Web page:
Following this year's Bloomberg New Contemporaries exhibition, New Contemporaries director Kirsty Ogg reflects on her experience of the show.
Bloomberg New Contemporaries 2015 boldly played with artistic processes, questioned notions of sculpture and painting and twisted our perceptions of gender and sexuality. This is not an exhaustive list of the thematics in this year’s exhibition, but it’s a taster of the varied and broad preoccupations and practices of an up-and-coming generation of artists.
Our most public and nationally-recognised activity is the annual touring exhibition, and this year we were delighted, if not a little overwhelmed, to welcome over 2,400 guests through the doors of the ICA on the opening night; an impressive and record figure, showing the public interest in, and engagement with, talent emerging form UK art schools.
The annual Bloomberg New Contemporaries exhibition is not the extent of our activities. 2015 has seen us develop our work and our partnerships to help make artistic practices more sustainable in today’s climate. In November, in conjunction with Art Fund we hosted a day-long symposium at the ICA that tackled the conditions of practice and what it takes to be a successful artist. Our alumni from across the years, alongside key art world figures entered into lively debate about the art market, the future of funding, studios and support networks. The audience—who braved an early start on a Saturday morning—was brimming with journalists, emerging and established artists, arts managers and art industry professionals, all of whom contributed to making this such an informative day.
For the second year running we partnered with ArtQuest to provide bespoke one-to-one mentoring offered to each of the 38 artists selected for Bloomberg New Contemporaries 2015. One clear point of agreement that emerged from the symposium was that there is a disintegrating support structure for younger artists, which makes it even more critically important that we are able to provide continuing support to our alumni across the years.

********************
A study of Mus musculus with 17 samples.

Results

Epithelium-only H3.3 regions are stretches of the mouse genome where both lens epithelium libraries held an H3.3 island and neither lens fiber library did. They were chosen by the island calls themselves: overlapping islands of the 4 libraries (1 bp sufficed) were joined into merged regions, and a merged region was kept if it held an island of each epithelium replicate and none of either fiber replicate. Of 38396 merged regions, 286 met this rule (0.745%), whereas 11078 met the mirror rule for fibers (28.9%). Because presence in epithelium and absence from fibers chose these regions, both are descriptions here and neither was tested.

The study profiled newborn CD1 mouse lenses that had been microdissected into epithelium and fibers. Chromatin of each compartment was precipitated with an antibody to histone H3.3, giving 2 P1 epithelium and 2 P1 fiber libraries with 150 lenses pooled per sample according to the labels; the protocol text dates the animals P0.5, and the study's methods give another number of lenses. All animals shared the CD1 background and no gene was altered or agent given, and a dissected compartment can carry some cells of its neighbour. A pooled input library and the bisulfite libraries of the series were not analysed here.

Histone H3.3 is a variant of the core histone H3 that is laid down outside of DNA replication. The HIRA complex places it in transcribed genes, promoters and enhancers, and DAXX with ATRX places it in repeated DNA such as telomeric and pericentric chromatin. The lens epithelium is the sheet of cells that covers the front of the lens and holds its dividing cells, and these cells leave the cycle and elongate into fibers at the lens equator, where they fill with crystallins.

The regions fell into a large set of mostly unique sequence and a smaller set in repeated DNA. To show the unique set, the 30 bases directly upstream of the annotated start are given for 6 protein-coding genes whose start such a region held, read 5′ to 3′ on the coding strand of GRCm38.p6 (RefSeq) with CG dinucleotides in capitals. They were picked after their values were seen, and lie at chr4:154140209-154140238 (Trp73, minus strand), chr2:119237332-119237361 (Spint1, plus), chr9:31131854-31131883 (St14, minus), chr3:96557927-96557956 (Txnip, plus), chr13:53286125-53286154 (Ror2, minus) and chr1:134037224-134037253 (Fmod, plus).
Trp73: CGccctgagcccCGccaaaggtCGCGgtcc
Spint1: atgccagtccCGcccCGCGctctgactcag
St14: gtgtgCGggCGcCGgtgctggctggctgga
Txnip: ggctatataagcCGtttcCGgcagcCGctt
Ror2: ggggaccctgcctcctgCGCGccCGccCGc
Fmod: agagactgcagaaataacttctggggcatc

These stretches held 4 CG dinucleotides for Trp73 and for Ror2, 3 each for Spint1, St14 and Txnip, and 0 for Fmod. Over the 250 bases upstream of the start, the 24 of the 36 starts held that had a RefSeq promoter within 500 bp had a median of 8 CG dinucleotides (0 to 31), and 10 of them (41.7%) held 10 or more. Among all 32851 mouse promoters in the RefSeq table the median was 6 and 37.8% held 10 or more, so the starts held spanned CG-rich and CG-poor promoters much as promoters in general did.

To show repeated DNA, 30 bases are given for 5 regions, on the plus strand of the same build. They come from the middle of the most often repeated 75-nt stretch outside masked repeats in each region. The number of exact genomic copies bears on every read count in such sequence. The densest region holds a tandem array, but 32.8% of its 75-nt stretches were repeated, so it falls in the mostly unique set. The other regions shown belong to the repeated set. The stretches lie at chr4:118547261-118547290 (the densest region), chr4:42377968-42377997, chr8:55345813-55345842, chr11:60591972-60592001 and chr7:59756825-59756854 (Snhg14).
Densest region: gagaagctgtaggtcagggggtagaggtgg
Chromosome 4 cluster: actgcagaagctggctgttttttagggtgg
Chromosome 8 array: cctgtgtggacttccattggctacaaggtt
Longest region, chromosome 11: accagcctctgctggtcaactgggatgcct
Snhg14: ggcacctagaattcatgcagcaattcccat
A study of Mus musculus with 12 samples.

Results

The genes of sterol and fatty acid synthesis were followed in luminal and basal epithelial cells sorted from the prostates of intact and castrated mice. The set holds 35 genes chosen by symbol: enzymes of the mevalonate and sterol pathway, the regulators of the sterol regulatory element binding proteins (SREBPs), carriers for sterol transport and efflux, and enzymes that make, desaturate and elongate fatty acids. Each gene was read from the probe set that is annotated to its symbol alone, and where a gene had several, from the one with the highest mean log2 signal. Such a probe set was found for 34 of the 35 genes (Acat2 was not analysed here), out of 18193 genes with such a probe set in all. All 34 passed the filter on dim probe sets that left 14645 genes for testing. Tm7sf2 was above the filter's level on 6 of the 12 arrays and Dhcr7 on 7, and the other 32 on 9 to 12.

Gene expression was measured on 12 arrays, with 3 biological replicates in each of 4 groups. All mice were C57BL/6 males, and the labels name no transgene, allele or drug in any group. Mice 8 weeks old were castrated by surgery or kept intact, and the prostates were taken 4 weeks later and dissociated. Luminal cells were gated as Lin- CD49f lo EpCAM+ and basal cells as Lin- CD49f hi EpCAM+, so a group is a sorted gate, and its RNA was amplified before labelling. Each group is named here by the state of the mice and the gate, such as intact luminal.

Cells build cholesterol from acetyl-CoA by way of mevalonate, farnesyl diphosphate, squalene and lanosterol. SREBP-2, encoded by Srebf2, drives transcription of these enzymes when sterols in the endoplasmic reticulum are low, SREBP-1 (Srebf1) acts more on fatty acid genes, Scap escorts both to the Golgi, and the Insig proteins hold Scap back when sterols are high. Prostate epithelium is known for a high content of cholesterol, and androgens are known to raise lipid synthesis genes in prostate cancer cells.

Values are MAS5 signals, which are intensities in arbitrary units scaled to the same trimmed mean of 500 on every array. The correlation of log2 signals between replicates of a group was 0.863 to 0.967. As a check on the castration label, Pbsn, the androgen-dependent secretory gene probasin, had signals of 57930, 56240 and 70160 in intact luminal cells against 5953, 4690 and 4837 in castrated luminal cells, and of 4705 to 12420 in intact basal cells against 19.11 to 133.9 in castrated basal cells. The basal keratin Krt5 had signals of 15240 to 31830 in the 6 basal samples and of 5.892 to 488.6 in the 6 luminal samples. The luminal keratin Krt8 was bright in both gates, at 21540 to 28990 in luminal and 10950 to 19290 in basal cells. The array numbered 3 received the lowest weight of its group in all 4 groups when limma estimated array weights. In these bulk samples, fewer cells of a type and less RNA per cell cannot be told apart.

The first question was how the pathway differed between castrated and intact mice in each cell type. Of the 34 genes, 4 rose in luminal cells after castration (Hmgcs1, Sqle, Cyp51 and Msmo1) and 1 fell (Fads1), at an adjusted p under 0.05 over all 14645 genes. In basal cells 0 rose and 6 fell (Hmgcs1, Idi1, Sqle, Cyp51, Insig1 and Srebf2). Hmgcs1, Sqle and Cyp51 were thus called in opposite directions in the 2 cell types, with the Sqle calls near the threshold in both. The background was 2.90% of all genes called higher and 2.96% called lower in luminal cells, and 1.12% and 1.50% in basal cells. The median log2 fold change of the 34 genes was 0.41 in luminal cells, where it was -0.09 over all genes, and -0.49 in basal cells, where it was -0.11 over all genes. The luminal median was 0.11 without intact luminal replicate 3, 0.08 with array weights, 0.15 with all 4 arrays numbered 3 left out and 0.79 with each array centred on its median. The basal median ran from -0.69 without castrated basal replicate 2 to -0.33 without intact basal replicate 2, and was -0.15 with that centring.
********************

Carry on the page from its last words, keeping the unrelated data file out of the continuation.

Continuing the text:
I can’t sum up this year without mentioning our venue partners. It was a pleasure to launch our Bloomberg New Contemporaries 2015 tour in Nottingham with the New Midland Group across their three venues: Backlit, One Thorsby Street and Primary. In addition to the exhibition, a broad-ranging public programme also brought New Art Exchange, Nottingham Castle and Nottingham Contemporary into play with discussions around open submission shows and the future of art education. We also presented our element of the first year of the Syllabus, a partner project that operates like an alternative MA programme, while our alumni were ever present, including a fantastic event The Shy Convention, hosted by Gillian Wearing at Backlit. It was the first time New Contemporaries had visited the city and we were very much made to feel at home in their vibrant and varied arts scene.
It is of course a great pleasure to bring Bloomberg New Contemporaries back to the ICA for the 6th year running. The supporting programme of talks, symposia, workshops, screenings and peer mentoring has created a dynamic energy around the exhibition.
There is a lot of satisfaction in my role as Director of New Contemporaries, especially when so many of our alumni go on to be successful and establish themselves within the national and international arts community. It is always a little sad when an exhibition closes, but we are soon working on the next edition. Our 2016 selectors have been chosen, with Alan Kane and Haroon Mirza joining Anya Gallaccio. In February they will start the gargantuan task of first round selection when every artists and their work is considered to draw up the long-list for second round. The consideration of actual works takes place in March, with the artists selected for Bloomberg New Contemporaries 2016 announced in April. This year we are delighted to be launching at Bluecoat in July as part of Liverpool Biennial 2016, before returning to ICA in November. ■
Bloomberg New Contemporaries 2015 ran 25 November 2015 - 24 January 2016.